Gold is the future
Why the Green Economy will create more exploration and mining.
As we enter a new decade, we are faced with a variety of scientific and environmental challenges. The demand for a safer and cleaner environment coupled with population growth presents society with obstacles on a scale we haven’t faced before. One of our defining problems is a rapidly warming climate; a consequence of enormous increases in emissions, especially carbon. Any complex problem requires equally complex solutions – one of these complex solutions is green energy.
Green energy technology presents innovative ways of thinking about our global economies and social environments to understand the way businesses and people interact with the environment and with one another. But the cornerstone of green energy and the ability to use it rests upon the availability of minerals. Simply put, green energy is driving an unprecedented demand for minerals…and this demand is just getting warmed-up.
According to the International Energy Agency (IEA), “estimates for the global capacity of solar photovoltaics will be greater than the current power capacity of India and Japan combined within five years…(which) brings demand for minerals in the technology, including aluminum, cadmium, copper, gallium, indium, iron, lead, nickel, silica, silver, tellurium, tin and zinc.”
Minerals are a critical part of our response to climate change. They are a pivotal resource driving the revolutionary green energy movement; and ultimately how mining and minerals will propel the green energy economy across the world.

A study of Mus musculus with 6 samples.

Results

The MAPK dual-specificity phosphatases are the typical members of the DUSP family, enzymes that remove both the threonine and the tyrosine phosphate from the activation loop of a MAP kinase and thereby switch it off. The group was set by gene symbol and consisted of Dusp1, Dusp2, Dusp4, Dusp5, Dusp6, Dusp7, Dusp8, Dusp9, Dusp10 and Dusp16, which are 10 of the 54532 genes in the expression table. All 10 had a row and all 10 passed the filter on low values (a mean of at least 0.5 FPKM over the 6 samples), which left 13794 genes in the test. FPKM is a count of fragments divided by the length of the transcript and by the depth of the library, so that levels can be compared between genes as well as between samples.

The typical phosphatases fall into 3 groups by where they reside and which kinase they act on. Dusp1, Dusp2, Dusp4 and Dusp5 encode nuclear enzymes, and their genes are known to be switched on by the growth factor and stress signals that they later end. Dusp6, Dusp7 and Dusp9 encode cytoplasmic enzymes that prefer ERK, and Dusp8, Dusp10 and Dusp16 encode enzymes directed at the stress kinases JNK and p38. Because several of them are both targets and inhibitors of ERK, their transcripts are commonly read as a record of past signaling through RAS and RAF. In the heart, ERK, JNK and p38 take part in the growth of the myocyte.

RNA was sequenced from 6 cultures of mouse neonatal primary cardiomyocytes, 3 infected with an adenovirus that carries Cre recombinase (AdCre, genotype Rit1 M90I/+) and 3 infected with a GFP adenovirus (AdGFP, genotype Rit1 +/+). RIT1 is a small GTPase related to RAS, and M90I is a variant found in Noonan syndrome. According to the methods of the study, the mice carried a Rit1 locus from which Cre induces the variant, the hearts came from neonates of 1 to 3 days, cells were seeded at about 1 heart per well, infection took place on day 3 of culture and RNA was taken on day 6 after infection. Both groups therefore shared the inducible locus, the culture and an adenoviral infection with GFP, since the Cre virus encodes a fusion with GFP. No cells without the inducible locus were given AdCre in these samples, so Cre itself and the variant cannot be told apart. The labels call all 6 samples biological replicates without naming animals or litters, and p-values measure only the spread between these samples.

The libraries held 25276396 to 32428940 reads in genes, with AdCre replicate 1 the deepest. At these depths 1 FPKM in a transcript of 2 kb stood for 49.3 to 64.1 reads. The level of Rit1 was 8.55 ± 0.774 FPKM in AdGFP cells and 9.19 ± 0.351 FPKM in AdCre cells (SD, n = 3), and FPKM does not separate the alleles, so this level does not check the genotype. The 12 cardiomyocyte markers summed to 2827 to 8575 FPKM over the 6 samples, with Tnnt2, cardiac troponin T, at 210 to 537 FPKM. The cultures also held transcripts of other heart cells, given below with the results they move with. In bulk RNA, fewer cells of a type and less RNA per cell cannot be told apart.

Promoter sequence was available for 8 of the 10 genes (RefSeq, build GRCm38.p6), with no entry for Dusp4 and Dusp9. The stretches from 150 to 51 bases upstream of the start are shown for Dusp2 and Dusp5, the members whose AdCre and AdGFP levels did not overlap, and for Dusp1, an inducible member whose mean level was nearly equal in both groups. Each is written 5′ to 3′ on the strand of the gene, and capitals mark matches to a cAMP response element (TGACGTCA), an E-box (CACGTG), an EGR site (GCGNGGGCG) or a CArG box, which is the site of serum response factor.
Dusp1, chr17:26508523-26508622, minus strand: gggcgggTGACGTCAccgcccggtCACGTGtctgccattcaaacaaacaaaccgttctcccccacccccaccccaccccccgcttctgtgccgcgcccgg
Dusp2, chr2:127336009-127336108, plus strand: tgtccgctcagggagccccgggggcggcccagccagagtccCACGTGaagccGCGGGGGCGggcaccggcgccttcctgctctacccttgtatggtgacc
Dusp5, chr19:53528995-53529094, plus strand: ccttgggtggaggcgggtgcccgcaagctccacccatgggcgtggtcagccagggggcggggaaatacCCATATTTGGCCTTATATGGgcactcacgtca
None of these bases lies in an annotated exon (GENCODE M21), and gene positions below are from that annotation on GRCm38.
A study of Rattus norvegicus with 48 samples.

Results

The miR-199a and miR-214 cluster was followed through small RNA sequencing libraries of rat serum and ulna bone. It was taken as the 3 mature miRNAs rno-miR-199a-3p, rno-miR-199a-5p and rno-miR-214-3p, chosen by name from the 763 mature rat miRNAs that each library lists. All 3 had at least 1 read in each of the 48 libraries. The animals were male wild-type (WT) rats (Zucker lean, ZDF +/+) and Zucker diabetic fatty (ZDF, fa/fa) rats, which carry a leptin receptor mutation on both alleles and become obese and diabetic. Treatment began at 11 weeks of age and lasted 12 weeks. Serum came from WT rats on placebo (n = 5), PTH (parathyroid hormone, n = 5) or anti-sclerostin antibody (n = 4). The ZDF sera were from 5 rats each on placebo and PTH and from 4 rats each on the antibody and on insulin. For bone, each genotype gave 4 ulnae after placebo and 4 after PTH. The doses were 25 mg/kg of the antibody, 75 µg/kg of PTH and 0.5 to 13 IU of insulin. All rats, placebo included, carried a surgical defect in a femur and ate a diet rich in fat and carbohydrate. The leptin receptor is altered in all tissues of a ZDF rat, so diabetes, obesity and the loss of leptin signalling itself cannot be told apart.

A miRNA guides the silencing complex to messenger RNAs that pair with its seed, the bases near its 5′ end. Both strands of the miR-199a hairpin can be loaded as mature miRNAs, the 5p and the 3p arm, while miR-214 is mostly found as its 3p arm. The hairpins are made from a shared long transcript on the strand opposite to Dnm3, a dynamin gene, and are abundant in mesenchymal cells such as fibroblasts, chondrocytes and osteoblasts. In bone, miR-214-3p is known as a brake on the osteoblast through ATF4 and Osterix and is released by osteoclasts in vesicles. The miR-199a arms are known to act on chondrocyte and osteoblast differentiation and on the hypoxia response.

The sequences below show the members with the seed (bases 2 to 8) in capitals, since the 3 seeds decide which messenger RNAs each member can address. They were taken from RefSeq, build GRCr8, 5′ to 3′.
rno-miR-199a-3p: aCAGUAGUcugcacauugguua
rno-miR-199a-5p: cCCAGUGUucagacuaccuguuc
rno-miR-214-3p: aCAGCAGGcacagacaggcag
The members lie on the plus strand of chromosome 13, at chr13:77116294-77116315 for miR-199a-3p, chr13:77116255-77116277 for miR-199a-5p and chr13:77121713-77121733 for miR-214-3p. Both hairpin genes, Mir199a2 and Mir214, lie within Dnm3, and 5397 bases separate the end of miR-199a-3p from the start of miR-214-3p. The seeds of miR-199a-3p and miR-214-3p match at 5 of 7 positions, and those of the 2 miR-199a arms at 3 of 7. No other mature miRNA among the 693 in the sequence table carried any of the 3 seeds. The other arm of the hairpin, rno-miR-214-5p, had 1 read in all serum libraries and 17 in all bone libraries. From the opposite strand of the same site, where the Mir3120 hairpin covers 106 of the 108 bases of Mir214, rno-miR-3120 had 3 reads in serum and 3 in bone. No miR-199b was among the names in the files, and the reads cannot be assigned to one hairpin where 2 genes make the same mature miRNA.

Metals such as nickel are becoming a driving force behind green energy feasibility and economics.
Numerous indicators, such as a special report from The Economist in March 2018, raise the issue that “America produces few of the commodities it needs” in order to meet the growing demand for green energy and to reach the global scale for emissions-reduction targets.
This has sparked an international conversation about the substantial impacts to global supply of the minerals needed for clean energy production. Riccardo Puliti, Sr. Director and Head of Energy and Extractive Industries Global Practice at the World Bank predicts Countries with capacity and infrastructure to supply the minerals
and metals required for cleaner technologies have a unique opportunity to grow their economies if they develop their mining sectors in a sustainable way.”
This discussion is finally moving beyond the political corners of pro-mining vs. pro-environment. Minerals are a critical part of our response to climate change. They are a pivotal resource driving the revolutionary green energy movement and ultimately will propel the world toward a green energy economy.